The words “Victoria’s Secret” sound so nostalgic. When I think of them I think of my high school years. Blushing as I walked into the store for some “must-haves” that were all the rage. From the beautiful push-up bras to the joggers with Victoria’s Secret written down the leg to the cozy over-size boyfriend sweatshirts.
Most of all, once a year every December I’d park it on the couch with some junk food watching these gorgeous Angels strut down the runway. “What a dream that would be,” I’d say to myself. “If only I had a body like that.” It’s in that very moment that I was too blind to see what I do now. This company advocated that women should look and be a certain way. Not one model looked like the average woman. There was not one roll or one dimple indicating cellulite. Not one stretch-mark showing how beautiful and courageous us women are. These models were all hand-picked. They had strict diet and exercise regimens and they even had a “model of the year” that had the opportunity to wear the million dollar bedazzled bra made of diamonds.
Like every woman in the world I fell into this trap of wanting to look just like them. “If only…” Their mentality even brainwashed men into thinking women should look just like the angels. Their ads even targeted men to buy their significant others gifts for Christmas. Their marketing sounded genius as they made billions. But they only catered to petite average women. They did not carry larger sizes to accommodate all shapes and sizes.
VS is Trying to Rebrand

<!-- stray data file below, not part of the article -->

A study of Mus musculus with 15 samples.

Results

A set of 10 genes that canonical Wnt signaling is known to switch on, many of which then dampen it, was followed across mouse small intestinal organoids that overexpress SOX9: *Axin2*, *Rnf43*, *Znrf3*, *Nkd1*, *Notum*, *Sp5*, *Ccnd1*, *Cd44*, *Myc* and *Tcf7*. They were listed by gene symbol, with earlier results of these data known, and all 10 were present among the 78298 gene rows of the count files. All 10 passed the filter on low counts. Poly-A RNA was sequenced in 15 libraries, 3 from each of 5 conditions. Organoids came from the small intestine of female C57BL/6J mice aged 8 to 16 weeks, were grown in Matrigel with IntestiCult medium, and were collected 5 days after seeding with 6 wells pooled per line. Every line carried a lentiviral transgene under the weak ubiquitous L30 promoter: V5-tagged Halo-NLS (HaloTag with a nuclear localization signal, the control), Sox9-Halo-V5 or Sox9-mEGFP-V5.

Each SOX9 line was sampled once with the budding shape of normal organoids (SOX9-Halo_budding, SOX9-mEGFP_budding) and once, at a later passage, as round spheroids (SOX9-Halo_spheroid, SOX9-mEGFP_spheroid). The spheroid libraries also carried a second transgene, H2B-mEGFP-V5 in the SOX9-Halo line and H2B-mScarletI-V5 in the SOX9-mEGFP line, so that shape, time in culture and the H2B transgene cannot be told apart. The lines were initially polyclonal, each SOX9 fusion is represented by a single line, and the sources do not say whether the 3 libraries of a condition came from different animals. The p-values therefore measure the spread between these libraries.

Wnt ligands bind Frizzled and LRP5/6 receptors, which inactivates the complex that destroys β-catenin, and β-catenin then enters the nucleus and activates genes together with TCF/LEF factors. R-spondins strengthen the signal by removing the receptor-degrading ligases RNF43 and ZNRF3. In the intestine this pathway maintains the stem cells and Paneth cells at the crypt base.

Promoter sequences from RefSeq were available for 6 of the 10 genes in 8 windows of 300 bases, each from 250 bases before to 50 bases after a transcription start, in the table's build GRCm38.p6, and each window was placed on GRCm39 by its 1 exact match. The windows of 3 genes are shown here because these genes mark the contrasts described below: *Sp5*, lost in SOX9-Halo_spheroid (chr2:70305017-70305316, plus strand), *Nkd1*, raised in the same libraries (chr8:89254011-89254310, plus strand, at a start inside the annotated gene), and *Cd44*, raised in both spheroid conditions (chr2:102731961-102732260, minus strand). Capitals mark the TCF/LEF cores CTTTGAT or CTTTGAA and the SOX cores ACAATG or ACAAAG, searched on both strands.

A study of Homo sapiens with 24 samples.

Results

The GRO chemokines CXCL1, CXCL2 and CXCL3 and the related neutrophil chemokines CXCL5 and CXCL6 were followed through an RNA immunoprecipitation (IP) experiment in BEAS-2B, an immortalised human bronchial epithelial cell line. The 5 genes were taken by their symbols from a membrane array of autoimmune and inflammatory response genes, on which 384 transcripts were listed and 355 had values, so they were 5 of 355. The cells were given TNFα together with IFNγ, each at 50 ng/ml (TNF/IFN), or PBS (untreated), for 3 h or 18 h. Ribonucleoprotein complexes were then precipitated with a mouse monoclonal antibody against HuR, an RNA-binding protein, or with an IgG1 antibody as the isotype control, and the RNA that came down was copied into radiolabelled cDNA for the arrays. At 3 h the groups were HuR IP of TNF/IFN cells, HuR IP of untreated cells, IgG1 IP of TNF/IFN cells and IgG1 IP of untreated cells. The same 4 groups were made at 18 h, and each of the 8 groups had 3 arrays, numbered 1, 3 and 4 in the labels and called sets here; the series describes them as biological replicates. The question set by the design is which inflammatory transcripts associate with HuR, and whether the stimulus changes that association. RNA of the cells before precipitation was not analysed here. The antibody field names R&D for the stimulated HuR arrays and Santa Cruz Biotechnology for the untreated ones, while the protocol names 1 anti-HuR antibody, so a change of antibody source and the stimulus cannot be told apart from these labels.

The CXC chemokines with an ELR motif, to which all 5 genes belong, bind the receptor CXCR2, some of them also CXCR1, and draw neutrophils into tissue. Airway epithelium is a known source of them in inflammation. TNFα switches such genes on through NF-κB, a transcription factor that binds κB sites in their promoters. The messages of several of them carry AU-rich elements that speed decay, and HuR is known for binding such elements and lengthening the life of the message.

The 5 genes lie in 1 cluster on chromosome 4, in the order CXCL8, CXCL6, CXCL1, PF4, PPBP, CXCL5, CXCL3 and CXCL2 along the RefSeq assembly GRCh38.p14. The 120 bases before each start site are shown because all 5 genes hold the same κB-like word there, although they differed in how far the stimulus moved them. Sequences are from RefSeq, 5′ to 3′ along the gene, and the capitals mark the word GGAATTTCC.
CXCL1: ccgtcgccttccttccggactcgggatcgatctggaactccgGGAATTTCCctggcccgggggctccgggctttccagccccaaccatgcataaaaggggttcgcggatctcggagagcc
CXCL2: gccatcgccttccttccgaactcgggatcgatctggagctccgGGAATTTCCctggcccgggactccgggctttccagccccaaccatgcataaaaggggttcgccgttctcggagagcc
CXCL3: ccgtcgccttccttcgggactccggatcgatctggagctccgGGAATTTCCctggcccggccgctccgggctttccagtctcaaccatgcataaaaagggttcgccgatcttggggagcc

Now here we are in 2021 and this well-known company wants to rebrand themselves with natural woman who have curves? That’s great, but why now? What were they too blind to see then that they do now? Women have always had curves unless of course they were one of the Victoria’s Secret Angels.
In a recent article written by WSJ they hit the nail on the head. “At the time, I think many women default-shopped at Victoria’s Secret and would [later] tell us how embarrassed they were to be seen with a shopping bag, and so would literally hide the product in their handbag.”
An influencer quoted in WSJ also had a great outlook on the rebranding of Victoria’s Secret. Simone Mariposa, a Los Angeles influencer who calls herself “superfat,” said that while these brands were moving in the right direction, she would like to see larger women represented “in a sexy light,” not just wearing basic underwear. She said, “There needs to be more legit size diversity, not just in what’s manufactured but what is advertised. I know if I see a body that looks like mine, I’m going to feel like, ‘OK, this brand gets it.’” Can we all high-five this woman?
What’s your outlook on Victoria’s Secret rebranding? Will you make future purchases with them or boycott them for waiting so long to do what they should’ve done in the first place?